Ontario economy lags far behind nearby U.S. states
Ontario is a wonderful place to live. By global standards, Ontarians enjoy high living standards and broad access to opportunities. These realities, however, should not make us complacent about the province’s weak economic performance over the past two decades compared to nearby peer jurisdictions. In this context, Ontario is an economic laggard.
In a new study we used the broadest and most comprehensive measures of economic wellbeing to compare Ontario’s performance to the eight U.S. states that border the Great Lakes. We chose these jurisdictions due to their proximity to Ontario, which makes them natural trading partners and competitors for investment. And many of these states have important economic similarities to Ontario including a large manufacturing sector.
The results are sobering. No one indicator is perfect for measuring economic strength, but per-capita Gross Domestic Product (GDP) remains the single most comprehensive measure of prosperity. Economists often use this measure to compare the overall economic strength of different jurisdictions. Ontario trails all eight of its U.S. neighbours on this indicator.
And the gap isn’t small. Taken together, the average per-capita GDP is 32.7 per cent higher in the rest of the Great Lakes region than in Ontario. In other words, total income in the rest of the region is approximately $19,000 per person higher (on average) than in Ontario.
Perhaps more troublingly, this prosperity gap is growing quickly over time. After adjusting for inflation, per-person GDP has increased by just 6.5 per cent in Ontario over the past two decades compared to 18.5 per cent among Ontario’s peer group. This significant difference in the rate of economic growth is one of the key drivers of the large prosperity gap.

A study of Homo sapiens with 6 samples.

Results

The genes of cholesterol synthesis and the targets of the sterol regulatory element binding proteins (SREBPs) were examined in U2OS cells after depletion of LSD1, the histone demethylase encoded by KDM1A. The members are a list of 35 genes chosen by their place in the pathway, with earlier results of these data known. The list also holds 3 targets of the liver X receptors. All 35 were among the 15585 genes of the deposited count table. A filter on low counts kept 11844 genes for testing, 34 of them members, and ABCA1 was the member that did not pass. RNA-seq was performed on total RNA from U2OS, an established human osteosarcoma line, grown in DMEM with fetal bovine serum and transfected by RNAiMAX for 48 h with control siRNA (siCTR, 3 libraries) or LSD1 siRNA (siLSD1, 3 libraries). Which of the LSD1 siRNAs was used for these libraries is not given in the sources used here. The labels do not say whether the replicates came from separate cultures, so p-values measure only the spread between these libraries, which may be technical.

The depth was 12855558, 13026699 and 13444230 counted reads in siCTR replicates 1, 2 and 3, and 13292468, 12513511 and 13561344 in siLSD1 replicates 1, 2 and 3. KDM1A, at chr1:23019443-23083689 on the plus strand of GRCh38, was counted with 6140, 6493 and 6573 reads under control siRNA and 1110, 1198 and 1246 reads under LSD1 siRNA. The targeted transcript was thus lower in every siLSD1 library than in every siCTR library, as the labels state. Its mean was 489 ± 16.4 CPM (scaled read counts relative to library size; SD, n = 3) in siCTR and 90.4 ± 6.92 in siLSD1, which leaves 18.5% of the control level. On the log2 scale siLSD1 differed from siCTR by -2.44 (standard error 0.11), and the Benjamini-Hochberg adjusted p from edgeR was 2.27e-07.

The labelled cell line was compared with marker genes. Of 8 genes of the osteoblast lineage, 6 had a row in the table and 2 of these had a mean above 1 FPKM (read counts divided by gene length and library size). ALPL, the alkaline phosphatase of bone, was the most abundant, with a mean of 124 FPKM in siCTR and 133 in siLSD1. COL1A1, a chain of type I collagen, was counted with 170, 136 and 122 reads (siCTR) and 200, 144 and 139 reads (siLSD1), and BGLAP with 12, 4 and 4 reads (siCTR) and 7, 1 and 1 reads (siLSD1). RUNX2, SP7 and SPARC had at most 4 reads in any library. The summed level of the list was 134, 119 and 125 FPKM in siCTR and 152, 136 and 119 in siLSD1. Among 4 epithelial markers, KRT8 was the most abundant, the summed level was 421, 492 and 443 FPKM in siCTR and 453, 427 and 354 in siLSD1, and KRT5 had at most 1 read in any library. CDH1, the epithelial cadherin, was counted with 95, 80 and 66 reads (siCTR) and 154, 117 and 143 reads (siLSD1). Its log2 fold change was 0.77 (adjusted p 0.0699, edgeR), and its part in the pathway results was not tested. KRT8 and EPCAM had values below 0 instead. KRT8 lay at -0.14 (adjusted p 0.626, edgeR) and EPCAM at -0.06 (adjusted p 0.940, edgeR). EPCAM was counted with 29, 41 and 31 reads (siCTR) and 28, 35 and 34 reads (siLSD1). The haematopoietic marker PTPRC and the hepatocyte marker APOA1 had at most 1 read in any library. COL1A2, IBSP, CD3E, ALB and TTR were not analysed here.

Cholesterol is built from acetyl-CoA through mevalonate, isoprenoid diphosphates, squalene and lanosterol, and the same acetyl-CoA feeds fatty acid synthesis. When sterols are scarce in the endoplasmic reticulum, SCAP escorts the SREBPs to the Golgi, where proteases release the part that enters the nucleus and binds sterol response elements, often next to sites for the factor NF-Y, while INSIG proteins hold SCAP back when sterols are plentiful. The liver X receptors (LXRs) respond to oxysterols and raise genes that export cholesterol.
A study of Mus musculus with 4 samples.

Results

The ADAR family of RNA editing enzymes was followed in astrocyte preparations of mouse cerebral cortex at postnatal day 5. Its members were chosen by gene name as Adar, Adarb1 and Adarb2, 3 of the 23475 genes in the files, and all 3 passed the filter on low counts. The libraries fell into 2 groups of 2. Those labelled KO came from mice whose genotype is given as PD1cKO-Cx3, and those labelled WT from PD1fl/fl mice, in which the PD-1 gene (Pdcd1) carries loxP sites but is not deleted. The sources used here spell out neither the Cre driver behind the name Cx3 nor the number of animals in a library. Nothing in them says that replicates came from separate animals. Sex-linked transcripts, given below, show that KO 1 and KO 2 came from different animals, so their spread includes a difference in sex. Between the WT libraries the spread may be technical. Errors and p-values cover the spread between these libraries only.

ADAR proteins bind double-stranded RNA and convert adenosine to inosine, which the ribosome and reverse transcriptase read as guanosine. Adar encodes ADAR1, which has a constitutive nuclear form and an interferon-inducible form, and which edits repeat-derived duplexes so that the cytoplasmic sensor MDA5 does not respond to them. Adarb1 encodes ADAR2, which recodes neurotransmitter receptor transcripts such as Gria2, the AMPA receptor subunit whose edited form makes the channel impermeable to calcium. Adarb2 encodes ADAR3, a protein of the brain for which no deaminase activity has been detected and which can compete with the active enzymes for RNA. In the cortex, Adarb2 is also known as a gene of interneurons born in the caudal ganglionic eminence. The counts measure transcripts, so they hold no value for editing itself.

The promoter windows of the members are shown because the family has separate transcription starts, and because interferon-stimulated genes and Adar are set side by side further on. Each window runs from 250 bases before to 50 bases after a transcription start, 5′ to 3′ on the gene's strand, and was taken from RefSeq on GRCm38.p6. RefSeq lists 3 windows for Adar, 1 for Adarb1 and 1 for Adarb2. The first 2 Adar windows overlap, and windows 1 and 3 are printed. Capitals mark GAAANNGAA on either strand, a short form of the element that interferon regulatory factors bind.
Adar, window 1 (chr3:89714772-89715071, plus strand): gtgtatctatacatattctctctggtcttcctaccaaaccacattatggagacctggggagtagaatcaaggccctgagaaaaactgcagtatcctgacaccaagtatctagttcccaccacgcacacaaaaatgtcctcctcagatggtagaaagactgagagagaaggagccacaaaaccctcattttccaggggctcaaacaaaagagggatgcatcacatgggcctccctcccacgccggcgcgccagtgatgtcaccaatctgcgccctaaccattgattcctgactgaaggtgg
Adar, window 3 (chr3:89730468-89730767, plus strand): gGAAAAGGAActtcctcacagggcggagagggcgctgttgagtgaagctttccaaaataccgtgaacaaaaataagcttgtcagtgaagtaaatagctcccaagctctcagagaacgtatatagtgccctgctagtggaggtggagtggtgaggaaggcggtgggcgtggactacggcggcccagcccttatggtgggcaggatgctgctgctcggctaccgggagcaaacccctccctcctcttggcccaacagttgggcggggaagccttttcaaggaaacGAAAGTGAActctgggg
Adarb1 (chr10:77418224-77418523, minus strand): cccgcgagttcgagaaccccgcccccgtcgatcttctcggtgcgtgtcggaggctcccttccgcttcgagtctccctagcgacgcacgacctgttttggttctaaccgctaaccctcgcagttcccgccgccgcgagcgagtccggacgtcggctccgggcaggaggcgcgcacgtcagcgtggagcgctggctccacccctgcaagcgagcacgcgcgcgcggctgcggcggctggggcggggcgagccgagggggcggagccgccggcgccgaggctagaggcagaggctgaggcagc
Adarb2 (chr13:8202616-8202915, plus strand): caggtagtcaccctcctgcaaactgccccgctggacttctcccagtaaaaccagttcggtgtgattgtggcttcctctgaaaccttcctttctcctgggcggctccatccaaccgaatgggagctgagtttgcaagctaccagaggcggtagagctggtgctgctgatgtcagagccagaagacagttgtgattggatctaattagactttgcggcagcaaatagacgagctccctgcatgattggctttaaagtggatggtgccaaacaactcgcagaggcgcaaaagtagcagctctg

Obviously, this isn’t just a matter of academic concern. Strong economic growth generally creates jobs and helps drive wages up. And strong economic growth can also help improve the Ontario government’s finances, which are currently unsustainable, by helping generate more revenue—without raising taxes—to pay down debt. The government can also use this extra revenue to help reduce personal and business tax rates to drive more growth.
Again, Ontarians are fortunate to live in an economically free and prosperous place. But Ontarians should demand more than that. The province should be one of the most dynamic and affluent economies in the world. Today, it isn’t. Within its own economic region, Ontario is an economic laggard and is falling further behind over time. The Ford government should learn from other jurisdictions that have experienced stronger economic performance in recent years and devise economic policies to boost overall economic growth, which will mean greater prosperity, more economic opportunities and brighter futures for Ontarians and their families.